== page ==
Police to quiz sidelined DSI chief over dodgy raid

Police to quiz sidelined DSI chief over dodgy raid

Investigators unsure who was ultimately in charge of operation where bribes were allegedly taken

More charges are expected in connection with another raid conducted at the condominium of a former Nauru diplomat, says Pol Gen Surachate Hakparn, deputy national police chief. (File photo: Pattarapong Chatpattarasill)
More charges are expected in connection with another raid conducted at the condominium of a former Nauru diplomat, says Pol Gen Surachate Hakparn, deputy national police chief. (File photo: Pattarapong Chatpattarasill)

Police are preparing to question Traiyarit Temahiwong, the recently transferred head of the Department of Special Investigation (DSI), about alleged bribery involving his subordinates during a raid on a property occupied by suspected Chinese criminals.

Pol Gen Surachate Hakparn, deputy national police chief, on Tuesday said the investigation has not yet found any no criminal irregularities against senior police at the command level — a deputy commissioner of the Metropolitan Police Bureau (MPB) and a deputy commander of the Patrol and Special Operations Division, or 191 Police — but a disciplinary investigation was under way.

But issuing verbal commands to officers at the operational level went against procedures and regulations of the Royal Thai Police Office, he said.

The latest investigation relates to alleged extortion and bribery following a raid on the home of the former consul-general of the Republic of Nauru in Sathon district of Bangkok on Dec 22.

A preliminary investigation focused on Seksit Sawanyathiput, director of the DSI bureau of development and logistics and a close aide of Mr Traiyarit. Mr Seksit was said to be friends with a deputy commander of the 191 Police, whom he got to know when they took a master’s degree course together.

Mr Seksit reportedly sought cooperation from the 191 deputy commander to search the Bangkok house. The latter notified the deputy MBP chief, who gave a verbal order for police to carry out the operation, said Pol Gen Surachate.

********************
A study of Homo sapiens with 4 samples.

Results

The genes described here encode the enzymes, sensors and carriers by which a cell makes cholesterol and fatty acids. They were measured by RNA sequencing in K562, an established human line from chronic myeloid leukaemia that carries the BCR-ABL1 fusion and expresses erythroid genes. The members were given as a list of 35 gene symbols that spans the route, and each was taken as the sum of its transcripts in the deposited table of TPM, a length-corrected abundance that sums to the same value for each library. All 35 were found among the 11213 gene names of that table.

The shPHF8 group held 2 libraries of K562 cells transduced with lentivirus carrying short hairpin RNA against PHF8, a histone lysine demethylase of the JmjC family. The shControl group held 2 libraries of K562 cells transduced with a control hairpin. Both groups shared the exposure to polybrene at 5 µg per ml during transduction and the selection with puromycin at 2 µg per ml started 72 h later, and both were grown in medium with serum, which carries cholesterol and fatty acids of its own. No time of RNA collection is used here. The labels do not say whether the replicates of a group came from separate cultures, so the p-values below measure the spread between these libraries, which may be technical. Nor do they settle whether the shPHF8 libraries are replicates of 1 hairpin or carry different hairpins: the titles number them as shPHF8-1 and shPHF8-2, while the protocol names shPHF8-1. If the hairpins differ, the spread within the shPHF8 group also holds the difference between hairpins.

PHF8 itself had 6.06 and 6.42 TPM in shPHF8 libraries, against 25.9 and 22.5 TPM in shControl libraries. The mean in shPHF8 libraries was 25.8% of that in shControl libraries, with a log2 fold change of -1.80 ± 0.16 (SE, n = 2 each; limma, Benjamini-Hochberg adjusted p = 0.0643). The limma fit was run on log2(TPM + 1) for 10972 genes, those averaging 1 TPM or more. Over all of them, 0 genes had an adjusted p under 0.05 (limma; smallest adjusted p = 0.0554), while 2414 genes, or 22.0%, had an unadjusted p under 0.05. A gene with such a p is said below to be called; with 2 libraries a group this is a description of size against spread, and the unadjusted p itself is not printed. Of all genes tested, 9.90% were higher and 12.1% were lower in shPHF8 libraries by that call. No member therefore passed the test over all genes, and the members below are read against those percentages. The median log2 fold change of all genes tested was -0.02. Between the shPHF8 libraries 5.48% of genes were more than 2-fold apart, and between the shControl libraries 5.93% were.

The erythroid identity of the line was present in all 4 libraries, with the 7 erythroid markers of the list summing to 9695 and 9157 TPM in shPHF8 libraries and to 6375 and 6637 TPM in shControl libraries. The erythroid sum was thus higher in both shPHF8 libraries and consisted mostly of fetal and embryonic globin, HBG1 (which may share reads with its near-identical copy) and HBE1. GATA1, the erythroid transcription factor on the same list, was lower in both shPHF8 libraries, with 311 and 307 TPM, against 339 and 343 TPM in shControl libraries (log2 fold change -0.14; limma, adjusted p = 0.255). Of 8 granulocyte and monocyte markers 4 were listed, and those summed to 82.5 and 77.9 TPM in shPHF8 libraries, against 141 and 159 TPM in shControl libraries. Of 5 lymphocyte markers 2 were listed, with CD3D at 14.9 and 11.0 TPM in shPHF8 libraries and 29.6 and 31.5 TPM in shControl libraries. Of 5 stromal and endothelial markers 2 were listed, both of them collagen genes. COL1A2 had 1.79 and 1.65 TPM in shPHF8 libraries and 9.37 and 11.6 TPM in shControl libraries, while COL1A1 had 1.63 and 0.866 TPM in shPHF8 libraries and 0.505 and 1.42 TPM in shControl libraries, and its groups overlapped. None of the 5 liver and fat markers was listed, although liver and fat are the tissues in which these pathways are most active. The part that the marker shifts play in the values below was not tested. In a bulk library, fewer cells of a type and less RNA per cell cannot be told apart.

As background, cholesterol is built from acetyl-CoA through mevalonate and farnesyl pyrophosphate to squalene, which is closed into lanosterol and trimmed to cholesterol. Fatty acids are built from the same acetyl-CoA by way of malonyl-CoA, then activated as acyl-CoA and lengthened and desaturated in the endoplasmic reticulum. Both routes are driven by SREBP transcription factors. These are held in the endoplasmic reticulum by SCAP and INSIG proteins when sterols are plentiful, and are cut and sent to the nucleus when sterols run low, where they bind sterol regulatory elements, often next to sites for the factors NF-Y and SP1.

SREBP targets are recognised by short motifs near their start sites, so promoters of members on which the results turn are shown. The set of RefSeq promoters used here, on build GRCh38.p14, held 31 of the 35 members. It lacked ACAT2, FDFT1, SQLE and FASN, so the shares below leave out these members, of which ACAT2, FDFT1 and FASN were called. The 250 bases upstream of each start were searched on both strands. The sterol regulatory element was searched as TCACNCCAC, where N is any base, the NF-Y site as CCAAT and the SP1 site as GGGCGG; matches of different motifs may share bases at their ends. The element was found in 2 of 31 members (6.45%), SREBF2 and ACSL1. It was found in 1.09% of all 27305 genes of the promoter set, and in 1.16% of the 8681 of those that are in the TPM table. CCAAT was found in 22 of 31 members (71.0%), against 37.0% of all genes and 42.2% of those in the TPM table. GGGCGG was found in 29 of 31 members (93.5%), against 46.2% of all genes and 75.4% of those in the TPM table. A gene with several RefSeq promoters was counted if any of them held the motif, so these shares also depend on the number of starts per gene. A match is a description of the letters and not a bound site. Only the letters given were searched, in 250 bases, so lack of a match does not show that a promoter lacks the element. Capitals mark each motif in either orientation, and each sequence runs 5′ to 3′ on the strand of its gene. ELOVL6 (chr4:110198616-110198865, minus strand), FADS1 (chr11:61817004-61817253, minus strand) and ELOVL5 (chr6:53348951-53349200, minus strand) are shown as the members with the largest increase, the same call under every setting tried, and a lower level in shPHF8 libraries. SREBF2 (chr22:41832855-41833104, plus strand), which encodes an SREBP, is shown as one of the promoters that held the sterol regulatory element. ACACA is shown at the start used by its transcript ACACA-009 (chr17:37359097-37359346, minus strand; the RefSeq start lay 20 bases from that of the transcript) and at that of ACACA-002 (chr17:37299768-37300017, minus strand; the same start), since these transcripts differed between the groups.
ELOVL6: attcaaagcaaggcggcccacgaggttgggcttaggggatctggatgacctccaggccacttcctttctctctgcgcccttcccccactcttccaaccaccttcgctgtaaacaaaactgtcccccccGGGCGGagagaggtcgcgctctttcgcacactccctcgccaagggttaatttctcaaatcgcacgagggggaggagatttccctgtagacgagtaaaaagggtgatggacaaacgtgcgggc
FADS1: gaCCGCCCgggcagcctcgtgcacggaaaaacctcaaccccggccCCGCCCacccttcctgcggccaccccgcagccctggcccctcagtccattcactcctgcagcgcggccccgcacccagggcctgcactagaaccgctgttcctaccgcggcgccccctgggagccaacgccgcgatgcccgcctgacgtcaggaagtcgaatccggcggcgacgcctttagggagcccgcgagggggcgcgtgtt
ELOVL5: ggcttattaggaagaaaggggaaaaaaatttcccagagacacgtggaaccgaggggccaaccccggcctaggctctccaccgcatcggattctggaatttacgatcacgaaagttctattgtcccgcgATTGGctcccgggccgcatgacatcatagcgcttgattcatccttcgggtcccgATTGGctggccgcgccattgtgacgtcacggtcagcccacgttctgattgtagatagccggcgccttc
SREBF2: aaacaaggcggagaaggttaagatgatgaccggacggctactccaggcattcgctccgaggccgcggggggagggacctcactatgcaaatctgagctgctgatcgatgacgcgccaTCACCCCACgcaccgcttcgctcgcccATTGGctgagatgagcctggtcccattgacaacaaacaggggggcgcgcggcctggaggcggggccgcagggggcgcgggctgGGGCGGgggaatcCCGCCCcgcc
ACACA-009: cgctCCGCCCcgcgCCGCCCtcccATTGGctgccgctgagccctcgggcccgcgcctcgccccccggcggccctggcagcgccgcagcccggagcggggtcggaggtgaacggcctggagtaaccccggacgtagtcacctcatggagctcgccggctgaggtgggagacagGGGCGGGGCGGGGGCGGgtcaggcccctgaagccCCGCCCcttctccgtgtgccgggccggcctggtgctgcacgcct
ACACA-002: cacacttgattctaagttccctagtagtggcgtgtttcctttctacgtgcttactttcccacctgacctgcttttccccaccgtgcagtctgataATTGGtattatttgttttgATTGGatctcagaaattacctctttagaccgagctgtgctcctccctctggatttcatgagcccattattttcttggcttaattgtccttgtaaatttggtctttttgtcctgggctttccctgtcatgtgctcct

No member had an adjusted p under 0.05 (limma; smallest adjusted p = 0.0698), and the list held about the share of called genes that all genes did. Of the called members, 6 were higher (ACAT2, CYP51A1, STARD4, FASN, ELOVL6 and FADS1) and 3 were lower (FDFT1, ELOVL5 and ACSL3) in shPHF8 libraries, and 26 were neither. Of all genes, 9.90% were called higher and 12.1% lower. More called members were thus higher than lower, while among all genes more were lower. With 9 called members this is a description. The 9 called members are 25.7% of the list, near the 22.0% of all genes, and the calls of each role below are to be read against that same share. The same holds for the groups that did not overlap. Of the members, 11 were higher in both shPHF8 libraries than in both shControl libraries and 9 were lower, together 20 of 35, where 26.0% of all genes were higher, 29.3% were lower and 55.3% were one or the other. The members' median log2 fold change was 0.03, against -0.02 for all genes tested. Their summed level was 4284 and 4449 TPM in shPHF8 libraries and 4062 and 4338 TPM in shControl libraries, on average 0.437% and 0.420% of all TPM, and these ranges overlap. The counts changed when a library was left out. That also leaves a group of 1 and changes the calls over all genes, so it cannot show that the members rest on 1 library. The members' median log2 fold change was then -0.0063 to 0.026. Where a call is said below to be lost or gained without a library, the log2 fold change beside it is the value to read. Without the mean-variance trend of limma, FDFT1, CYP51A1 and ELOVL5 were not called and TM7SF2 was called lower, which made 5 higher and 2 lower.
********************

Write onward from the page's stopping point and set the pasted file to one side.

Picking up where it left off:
Arrest warrants have been issued for 16 people — five DSI officials, nine policemen, a military police officer and a Chinese-born interpreter — in connection with the events that led to the release of 11 Chinese suspects found hiding in the former consul-general’s house.

Pol Gen Surachate said police investigators had questioned Mr Seksit twice and he gave useful statements. The DSI official claimed Mr Traiyarit had been informed about the search.

Investigators now want to ask Mr Traiyarit about a special team that he oversaw, as he must be held responsible for the raid involving his officials. At this stage, investigators have not yet found any money trail, said Pol Gen Surachate.

Last Tuesday, Mr Traiyarit insisted the DSI had not ordered the accused officials to take part in a search. He also denied reports that his right-hand man had coordinated with 191 Police in organising the raid.

The following day, Justice Minister Somsak Thepsuthin transferred Mr Traiyarit to the Central Institute of Forensic Science (CIFS), to serve as acting director. Pol Maj Gen Suriya Singhakamol moved from the CIFS to serve as acting DSI director.

Pol Gen Surachate said he expected three or four more government officials would be charged next week for alleged involvement in a related raid on a condominium in Huai Khwang, the residence of a Nauru diplomat.

“The accused officials are in the same group as those who raided the former consul-general’s house,” he said. “Chinese suspects and the Chinese interpreter now in custody will be questioned further. These suspects showed their intention to give their side of story to police about those involved in the raid.”

About 9 million baht reportedly missing from the raid has yet to be recovered. It was allegedly been distributed among the 16 police and others involved, but they refused to give statements, said the deputy national police chief.

Investigators have examined mobile phone records of everyone involved and found that statements given by some of the accused did not match with their call and text message records, said Pol Gen Surachate.

Former politician and massage parlour tycoon Chuvit Kamolvisit, who first blew the whistle on the extensive activities of Chinese gangsters in Thailand, alleged that the consul-general’s former house was sheltering illegal Chinese nationals and served as a base for forging passports and visas.

He alleged that the Chinese occupants used fake diplomatic licence plates on their van and falsified the signature of the former consul-general to rent the luxury house.

During the search on Dec 22, the officers arrested 11 Chinese nationals, one of them on Interpol’s Red Notice list, and seized 8 million baht. They had allegedly escaped a raid at the Jinling pub, an illegal business catering to Chinese tourists, on Charoen Rat Road in Bangkok on Oct 26.

All the suspects found in the house were reportedly released in exchange for 5.5 million of the seized funds. Mr Chuvit also alleged that the officers had demanded an additional 4 million baht, to be picked up from a petrol station by the Chinese interpreter.